Town reveal administration escape route

HARD-UP Ipswich remain adamant they can come out of administration in the shortest time possible.Chief executive Derek Bowden sought to allay fans' fears with an up-beat address in which he confirmed a share issue will take place later this year.

By Mel Henderson

HARD-UP Ipswich remain adamant they can come out of administration in the shortest time

possible.

Chief executive Derek Bowden sought to allay fans' fears with an up-beat address in which he confirmed a share issue will take place later this year.

Supporters of all ages listened intently at a packed Trimley Sports and Social Club last night as Bowden outlined the club's battle plans.

Town, whose latest accounts revealed a net debt of £31.4million, were plunged into administration this week when an application to the High Court was granted.


He said: "Their situation was a lot more serious than ours and they were looking for new buyers. That is not the position at Portman Road."

Bowden said the club was seeking a company voluntary arrangement with the club's creditors and that the current board was bidding to remain as custodians of the club.

But the over-riding theme of the chief executive's address was that Ipswich were confident of beating administration within a period of eight weeks.

Bowden, who said the services of administrators Deloitte & Touche would cost between £150,000 to £200,000, confirmed a share issue would go ahead as soon as plans currently being discussed were finalised.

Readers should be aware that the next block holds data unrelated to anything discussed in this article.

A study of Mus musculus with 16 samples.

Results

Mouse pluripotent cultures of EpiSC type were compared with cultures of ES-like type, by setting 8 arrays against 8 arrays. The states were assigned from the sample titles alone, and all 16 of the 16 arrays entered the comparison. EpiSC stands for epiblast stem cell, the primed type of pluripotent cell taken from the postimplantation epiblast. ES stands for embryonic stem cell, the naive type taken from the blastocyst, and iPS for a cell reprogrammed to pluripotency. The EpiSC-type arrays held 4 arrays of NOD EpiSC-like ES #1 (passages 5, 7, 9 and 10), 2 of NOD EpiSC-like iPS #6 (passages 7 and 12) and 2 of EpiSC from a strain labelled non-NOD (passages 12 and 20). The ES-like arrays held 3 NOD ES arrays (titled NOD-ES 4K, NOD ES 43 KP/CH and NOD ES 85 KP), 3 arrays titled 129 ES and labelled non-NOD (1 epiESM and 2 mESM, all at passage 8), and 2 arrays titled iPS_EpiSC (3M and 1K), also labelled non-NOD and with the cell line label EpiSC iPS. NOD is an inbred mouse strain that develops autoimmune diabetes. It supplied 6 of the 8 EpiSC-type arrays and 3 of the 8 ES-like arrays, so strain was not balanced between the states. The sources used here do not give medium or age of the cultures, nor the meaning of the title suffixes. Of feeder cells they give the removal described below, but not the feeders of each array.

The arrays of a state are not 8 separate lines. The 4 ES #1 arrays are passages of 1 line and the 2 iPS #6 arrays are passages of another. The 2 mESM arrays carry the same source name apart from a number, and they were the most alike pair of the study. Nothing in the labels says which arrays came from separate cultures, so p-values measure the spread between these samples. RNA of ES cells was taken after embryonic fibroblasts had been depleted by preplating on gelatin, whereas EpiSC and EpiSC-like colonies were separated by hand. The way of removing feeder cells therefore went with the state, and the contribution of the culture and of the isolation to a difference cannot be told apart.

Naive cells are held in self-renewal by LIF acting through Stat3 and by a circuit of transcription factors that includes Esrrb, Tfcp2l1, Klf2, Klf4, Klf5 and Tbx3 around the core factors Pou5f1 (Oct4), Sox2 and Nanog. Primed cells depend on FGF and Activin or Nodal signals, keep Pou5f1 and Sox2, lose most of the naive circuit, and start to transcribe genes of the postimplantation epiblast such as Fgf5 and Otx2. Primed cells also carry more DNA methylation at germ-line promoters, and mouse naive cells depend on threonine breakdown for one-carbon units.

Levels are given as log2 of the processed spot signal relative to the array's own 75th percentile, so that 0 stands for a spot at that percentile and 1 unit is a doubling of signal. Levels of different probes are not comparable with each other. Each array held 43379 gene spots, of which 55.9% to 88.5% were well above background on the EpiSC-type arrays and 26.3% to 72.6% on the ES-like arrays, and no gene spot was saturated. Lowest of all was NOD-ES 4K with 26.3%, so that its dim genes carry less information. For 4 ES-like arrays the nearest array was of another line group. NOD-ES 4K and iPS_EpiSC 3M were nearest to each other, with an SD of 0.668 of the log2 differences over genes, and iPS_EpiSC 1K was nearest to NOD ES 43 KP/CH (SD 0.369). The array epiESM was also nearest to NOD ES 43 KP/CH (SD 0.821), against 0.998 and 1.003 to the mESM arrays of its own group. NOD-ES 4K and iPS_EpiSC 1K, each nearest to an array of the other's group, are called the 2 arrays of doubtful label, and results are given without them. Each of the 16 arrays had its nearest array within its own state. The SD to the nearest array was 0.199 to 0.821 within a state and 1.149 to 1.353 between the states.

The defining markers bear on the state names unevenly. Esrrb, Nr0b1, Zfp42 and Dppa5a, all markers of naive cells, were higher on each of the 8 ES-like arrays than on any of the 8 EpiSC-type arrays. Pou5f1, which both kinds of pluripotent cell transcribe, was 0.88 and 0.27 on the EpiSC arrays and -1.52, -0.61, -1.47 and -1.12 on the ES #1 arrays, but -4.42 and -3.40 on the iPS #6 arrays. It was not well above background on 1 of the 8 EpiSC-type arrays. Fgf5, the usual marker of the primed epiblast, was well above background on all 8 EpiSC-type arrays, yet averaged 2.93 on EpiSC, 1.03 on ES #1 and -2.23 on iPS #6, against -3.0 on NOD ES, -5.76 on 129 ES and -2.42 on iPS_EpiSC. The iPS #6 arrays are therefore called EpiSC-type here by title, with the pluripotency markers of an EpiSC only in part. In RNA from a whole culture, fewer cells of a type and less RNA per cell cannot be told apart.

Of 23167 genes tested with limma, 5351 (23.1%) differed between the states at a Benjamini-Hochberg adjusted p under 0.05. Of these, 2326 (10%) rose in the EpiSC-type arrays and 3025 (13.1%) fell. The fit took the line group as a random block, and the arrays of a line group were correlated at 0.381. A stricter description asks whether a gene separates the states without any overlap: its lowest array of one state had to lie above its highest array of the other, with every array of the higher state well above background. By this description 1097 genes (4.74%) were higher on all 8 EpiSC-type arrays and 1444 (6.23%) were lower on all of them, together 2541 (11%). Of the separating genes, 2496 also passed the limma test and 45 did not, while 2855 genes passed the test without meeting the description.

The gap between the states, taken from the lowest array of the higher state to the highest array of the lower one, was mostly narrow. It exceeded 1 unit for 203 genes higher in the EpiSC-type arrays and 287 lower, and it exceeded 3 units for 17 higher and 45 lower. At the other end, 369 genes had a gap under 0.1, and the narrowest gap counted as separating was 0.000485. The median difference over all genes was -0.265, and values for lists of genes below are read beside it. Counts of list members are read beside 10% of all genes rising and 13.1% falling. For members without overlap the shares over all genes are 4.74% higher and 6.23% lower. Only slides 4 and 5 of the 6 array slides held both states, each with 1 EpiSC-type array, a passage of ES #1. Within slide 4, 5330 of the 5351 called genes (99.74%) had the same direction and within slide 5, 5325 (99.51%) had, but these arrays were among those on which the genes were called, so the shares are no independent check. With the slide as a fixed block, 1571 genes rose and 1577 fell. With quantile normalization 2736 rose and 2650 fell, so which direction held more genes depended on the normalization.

He said: "Norwich City had a share issue and attracted corporate investors as well as a number of supporters who put money in and will receive very little in return, apart from a certificate.

"We don't want to go down that road. We want a share issue to be beneficial to ourselves and you, the fans. Norwich were looking to raise £10million and raised £2.4million. It satisfied their needs."

Bowden also promised anxious season ticket holders that they would honour their pledge to allow those fans to rebook their seats for next season at the same price.

But the outlook for many of the club's creditors was far gloomier as he outlined a three-tier system of debts.

He said banks, players and other members of staff were top of the list, followed by the Crown, meaning unpaid income tax and VAT bills.

The club would hope to come to an arrangement with other creditors owed money, but it was unlikely that they would be paid in full.

One supporter put Bowden on the spot when he asked which category ex-boss George Burley came in. Bowden side-stepped the issue by saying it would not be fair to comment.

Bowden also revealed that neither of the club's on-loan players, goalkeeper Matteo Sereni and winger Ulrich Le Pen, were still on the Town pay list.

"Their wages are being paid by their current clubs," he said. "As things stand we do not expect either to return to Portman Road although their contracts extend beyond next season."

Bowden stressed that the current situation will not affect what happens on the pitch, but that the strength of the playing staff would have to be reviewed if promotion was not obtained.

But he gave assurances that a wholesale departure of players was something the club would do all they could to avoid.